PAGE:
Buzz Aldrin evacuated from South Pole

Buzz Aldrin evacuated from South Pole
Buzz Aldrin evacuated from South Pole


  • Former astronaut Buzz Aldrin was evacuated from the South Pole for medical reasons
  • Aldrin was visiting as part of a tourist group

(CNN)Former astronaut Buzz Aldrin, the second person to walk on the moon in 1969, has landed in Christchurch, New Zealand, after being evacuated from the South Pole when his medical condition deteriorated, according to a release from the National Science Foundation. He is 86 years old.

Aldrin landed at 4:25 a.m. December 2. "Upon arrival in Christchurch, the Antarctic program's logistics hub in New Zealand, Aldrin was transferred to a local medical facility," according to the foundation.
    He "currently has fluid in his lungs but is responding well to antibiotics and being kept overnight for observation. His condition is stable and his manager, who is currently with him, described him being in good spirits," according to an update from luxury tourism company White Desert.
    His manager, Christina Korp, said Aldrin is recovering. She also tweeted photos showing that Aldrin reached the South Pole, which was his goal.
    Aldrin was part of a tourist group visiting Amundsen-Scott South Pole Station through White Desert. The trip was expected to last through December 12.
    A White Desert doctor and the US Antarctic Program doctor decided an evacuation would the best precautionary measure, according to a release from the company. The tourism operator made a request for a medical evacuation to the National Science Foundation today, and it agreed.
    Aldrin was placed on the first available flight to McMurdo Station, on the Antarctic coast. A US Antarctic Program doctor traveled with him. The science foundation uses cargo planes equipped with landing skis, called LC-130s, and they are operated by the 109th Airlift Wing of the New York Air National Guard.
    From McMurdo, another flight took Aldrin to New Zealand. Aldrin's family was notified. Earlier this week, Aldrin shared updates on his trip to the South Pole on his Instagram account.

    South Pole here I come! #antarctica #WhiteDesert #GYATAntarctica

    A photo posted by Buzz Aldrin (@drbuzzaldrin) on

    Buzz's Polar Penguins countdown to liftoff has commenced. #Antarctica #WhiteDesert

    A photo posted by Buzz Aldrin (@drbuzzaldrin) on

    Aldrin's friend and colleague Scott Parazynski, a five-time shuttle astronaut, has participated in 19 research expeditions to the South Pole, Everest and other locations. He once oversaw healthcare for the US Antarctic Program and has assisted with telemedicine efforts there.
    "Many visitors to the Amundsen-Scott South Pole Station have difficulty with the abrupt change in altitude -- depending on the temperature and atmospheric pressure, it can feel like 11,000 feet above sea level, where there's a dramatic reduction in the amount of oxygen in each breath," Parazynski said in a statement to CNN. "High altitude-related illnesses, including Acute Mountain Sickness (AMS) and less commonly High Altitude Pulmonary Edema (HAPE) have been reported in new arrivals to the station, in some cases requiring medical evacuation to McMurdo Station and points north.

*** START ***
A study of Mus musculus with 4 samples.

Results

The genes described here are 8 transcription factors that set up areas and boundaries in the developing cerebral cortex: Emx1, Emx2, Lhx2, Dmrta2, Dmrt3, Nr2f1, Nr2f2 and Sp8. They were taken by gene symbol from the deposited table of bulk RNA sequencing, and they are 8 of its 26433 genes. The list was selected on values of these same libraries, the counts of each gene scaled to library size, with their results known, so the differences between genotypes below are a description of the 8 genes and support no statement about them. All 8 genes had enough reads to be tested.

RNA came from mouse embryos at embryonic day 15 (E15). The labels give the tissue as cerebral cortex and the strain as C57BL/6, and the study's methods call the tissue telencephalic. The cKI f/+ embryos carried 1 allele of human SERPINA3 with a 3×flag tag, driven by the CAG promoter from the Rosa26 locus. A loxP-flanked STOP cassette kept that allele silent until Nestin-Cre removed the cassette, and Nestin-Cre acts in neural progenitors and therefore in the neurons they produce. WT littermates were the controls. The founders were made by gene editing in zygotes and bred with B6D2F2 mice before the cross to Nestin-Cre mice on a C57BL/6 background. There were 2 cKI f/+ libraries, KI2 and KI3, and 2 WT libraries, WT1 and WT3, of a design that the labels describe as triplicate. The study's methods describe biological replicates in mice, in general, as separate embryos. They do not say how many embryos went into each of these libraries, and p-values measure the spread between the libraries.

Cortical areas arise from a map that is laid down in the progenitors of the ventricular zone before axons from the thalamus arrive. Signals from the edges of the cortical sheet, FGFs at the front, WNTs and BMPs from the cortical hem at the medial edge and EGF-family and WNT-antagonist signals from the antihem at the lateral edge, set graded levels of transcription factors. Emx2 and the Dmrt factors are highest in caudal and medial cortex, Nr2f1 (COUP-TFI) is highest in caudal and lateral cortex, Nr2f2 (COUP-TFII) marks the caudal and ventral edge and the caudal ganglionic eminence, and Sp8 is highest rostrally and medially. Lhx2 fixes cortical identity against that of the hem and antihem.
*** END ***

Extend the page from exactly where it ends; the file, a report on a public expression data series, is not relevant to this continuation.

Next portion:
"While I cannot speculate on my friend and colleague Buzz Aldrin's unique situation, given that he flew from sea level to the South Pole and reportedly developed lung issues soon thereafter, moderately severe AMS or even HAPE might be the underlying cause. It sounds like they were able to MEDEVAC him to New Zealand very quickly, which is great news. When Antarctic participants develop serious illness in the middle of horrible weather, or during the long Austral winter when flights are often not possible, telemedicine has made a huge difference in many patients' care."
    A ski-equipped LC-130 aircraft at NSF's Amundsen-Scott South Pole Station.
    White Desert specializes in Antarctic tours and has operated there for 10 years. It is a member of the International Association of Antarctica Tour Operators, which was founded in 1991 with the purpose of advocating private-sector travel to the Antarctic that is safe and environmentally responsible. Amundsen-Scott is one of three year-round stations operated by the National Science Foundation in Antarctica.
    Other medical evacuations have taken place in recent years at Amundsen-Scott and 850 nautical miles away at McMurdo Station. Americans have occupied the South Pole for research purposes since 1956. Amundsen-Scott was built in 1957 but has been updated and redeveloped over the years.